Environment

Children on precipice of existential threat from lack of climate action, UN reports

Climate change and ecological degradation are threatening the health and future of children in every country, and every country in the world is failing to shield children from these threats, according to the findings of a recent landmark report released by a Lancet Commission of over 40 child and adolescent health experts from around the world. The Commission was convened by the World Health Organization, the United Nations Children’s Fund and The Lancet.

Children in the biggest carbon-emitting nations are the healthiest, while those in countries with tiny environmental footprints suffer twofold from poor health and high risk of exposure to the harshest impacts of the climate crisis, finds the report.

The report highlights the Central African Republic, Chad, Somalia, Niger and Mali as facing the worst threats. Each of these countries is responsible for less than 0.01 per cent of global emissions. “More than 2 billion people live in countries where development is hampered by humanitarian crises, conflicts and natural disasters–problems increasingly linked with climate change,” said Senegal Minister of State Awa Coll-Seck, Co-Chair of the Commission.

If global warming reaches 3.2°C by the end of the century, as the United Nations Environment Programme’s (UNEP) Emissions Gap Reportestimates, based on current climate action commitments, this will result in devastating health consequences for children at that time, in the form of extreme weather events, heatwaves, disease proliferation and food scarcity. These consequences are compounded by economic disadvantages, which make it harder for people to avoid, adapt and recover from the results of extreme weather events, such as crop failure.

The scale of the humanitarian tragedy of Hurricane Idai in Mozambique is a warning example of the vulnerabilities and risks to come.

The report also challenges any perception that the lowest emitting countries will be less motivated to support climate action and the global transition to renewable energy, showing as it does that the lowest emitting countries will disproportionately suffer.

Niklas Hagelberg, UNEP’s Climate Change Coordinator, gives four reasons why African countries are acting on the global climate emergency:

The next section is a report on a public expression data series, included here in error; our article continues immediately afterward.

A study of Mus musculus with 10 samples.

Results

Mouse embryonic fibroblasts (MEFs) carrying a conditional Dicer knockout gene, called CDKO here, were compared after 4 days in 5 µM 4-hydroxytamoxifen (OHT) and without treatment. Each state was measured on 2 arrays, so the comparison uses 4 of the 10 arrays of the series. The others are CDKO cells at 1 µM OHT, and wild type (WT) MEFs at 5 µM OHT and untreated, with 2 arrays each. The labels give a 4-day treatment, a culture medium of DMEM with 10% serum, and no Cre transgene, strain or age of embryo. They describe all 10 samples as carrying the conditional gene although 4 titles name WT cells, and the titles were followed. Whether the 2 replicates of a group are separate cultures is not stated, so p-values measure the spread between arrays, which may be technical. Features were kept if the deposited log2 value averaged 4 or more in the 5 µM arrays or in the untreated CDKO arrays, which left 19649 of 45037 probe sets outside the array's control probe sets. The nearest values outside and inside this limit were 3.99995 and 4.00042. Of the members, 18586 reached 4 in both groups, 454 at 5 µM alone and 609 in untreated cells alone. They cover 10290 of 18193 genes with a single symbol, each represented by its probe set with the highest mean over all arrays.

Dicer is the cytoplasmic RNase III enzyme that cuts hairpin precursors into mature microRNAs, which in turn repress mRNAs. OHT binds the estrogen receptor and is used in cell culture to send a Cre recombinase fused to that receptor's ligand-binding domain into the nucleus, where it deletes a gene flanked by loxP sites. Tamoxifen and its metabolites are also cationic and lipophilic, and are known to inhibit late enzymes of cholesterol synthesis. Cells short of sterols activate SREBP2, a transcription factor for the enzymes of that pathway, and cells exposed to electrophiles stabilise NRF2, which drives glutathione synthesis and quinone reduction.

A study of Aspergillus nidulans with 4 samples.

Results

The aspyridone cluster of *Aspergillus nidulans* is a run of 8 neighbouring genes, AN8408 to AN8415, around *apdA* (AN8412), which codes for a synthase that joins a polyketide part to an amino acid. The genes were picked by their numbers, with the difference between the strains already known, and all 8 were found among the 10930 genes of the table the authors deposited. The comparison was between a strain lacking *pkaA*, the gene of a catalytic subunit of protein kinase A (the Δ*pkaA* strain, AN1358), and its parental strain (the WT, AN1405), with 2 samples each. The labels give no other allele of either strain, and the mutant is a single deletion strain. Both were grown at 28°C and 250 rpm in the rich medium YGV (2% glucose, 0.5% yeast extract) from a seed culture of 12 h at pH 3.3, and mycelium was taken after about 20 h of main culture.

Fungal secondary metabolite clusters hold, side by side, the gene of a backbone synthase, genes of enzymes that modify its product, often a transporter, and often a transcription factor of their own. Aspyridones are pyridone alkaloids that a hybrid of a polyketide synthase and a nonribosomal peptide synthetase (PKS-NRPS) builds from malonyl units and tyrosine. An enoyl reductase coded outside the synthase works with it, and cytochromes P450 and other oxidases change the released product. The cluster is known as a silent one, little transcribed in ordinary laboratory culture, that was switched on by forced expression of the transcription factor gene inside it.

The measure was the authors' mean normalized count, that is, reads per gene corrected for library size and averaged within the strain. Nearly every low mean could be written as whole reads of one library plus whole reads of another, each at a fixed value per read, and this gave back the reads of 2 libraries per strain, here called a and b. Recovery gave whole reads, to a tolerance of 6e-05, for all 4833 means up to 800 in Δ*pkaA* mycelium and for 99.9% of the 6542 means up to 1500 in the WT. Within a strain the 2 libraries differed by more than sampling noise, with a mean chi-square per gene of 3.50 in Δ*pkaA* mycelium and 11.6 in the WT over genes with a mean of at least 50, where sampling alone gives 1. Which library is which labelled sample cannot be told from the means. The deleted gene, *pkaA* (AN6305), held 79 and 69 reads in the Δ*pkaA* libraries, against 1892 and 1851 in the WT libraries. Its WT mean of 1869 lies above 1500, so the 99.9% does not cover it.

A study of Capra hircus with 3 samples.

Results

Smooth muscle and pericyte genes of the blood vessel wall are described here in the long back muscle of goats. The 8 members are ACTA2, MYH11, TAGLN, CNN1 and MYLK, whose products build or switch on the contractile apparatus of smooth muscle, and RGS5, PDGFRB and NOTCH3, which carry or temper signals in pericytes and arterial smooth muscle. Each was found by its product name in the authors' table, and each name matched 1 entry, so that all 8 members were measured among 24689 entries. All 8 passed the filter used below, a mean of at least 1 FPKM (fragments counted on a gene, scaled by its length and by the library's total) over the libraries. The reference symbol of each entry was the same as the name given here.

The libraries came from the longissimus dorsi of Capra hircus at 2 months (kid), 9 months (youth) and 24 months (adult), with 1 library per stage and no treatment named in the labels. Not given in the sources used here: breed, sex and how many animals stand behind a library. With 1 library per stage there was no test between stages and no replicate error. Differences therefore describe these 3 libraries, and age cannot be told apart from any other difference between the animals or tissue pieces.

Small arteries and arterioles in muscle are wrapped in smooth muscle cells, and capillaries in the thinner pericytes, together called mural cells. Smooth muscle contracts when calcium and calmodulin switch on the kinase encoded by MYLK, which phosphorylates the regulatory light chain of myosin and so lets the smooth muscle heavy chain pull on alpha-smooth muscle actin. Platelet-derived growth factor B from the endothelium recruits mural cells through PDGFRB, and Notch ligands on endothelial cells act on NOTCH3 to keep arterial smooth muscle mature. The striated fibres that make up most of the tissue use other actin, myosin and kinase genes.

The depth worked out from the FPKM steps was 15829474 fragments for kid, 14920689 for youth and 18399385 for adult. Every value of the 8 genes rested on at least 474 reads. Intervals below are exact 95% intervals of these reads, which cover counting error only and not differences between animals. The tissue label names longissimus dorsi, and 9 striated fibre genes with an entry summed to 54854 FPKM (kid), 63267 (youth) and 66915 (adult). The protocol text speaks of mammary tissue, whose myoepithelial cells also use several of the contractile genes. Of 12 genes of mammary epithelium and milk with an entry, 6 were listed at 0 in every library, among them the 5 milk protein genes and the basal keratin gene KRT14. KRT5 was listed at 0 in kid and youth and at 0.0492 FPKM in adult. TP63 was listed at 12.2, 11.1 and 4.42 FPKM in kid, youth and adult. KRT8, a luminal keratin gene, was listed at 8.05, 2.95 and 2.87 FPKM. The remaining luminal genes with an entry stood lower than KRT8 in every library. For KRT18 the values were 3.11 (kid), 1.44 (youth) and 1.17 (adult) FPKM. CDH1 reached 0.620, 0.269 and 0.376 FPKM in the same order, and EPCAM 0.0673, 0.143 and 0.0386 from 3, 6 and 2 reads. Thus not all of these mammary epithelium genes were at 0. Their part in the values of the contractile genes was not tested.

1. The region increasingly recognizes that its growth trajectory must be achieved without increasing fossil fuel emissions that will compound climate change effects and increase humanitarian and economic climate risks.
  2. Regional policymakers are paying close attention to Article 7 of the Paris Agreement, which underscores how increased mitigation ambition is the best insurance against escalating adaptation costs.
  3. Africa has the best solar resources on the planet, and its agro-value chain is worth up to 65 per cent of all global arable land. The region has the potential to leverage these two major advantages–along with its greater freedom from existing carbon-dependent economic models compared to other regions–to drive globally competitive low emissions and clean energy–powered enterprises.
  4. Nearly 50 per cent of the current population in Africa are children. This means that while securing the future for Africa is interwoven with protecting the future of its children, this is also an emerging generation that will be at the forefront of a global clean energy transition.

As African policymakers prepare to gather in Kigali, Uganda, in April for Africa Climate Week, this will be an opportunity for the region not only to examine its national climate adaptation plans but also to emerge with accelerated ambition for the adaptation and resilience policies it can bring to those plans ahead of the Climate Summit in Glasgow. Calling for renewable development options is a demand Africa’s trading partners should heed.  

The report’s commissioners call on governments to take action to ensure children inherit a liveable planet. Ultimately, the largest emitters have the greatest opportunities to decarbonize our shared climate, both by reducing their own emissions and by enabling developing countries to embrace vast low-emissions development potential and leap beyond carbon-dependent development. This will be to the socioeconomic advantage of Africa and to the advantage of those who tread the world with the smallest and lightest feet.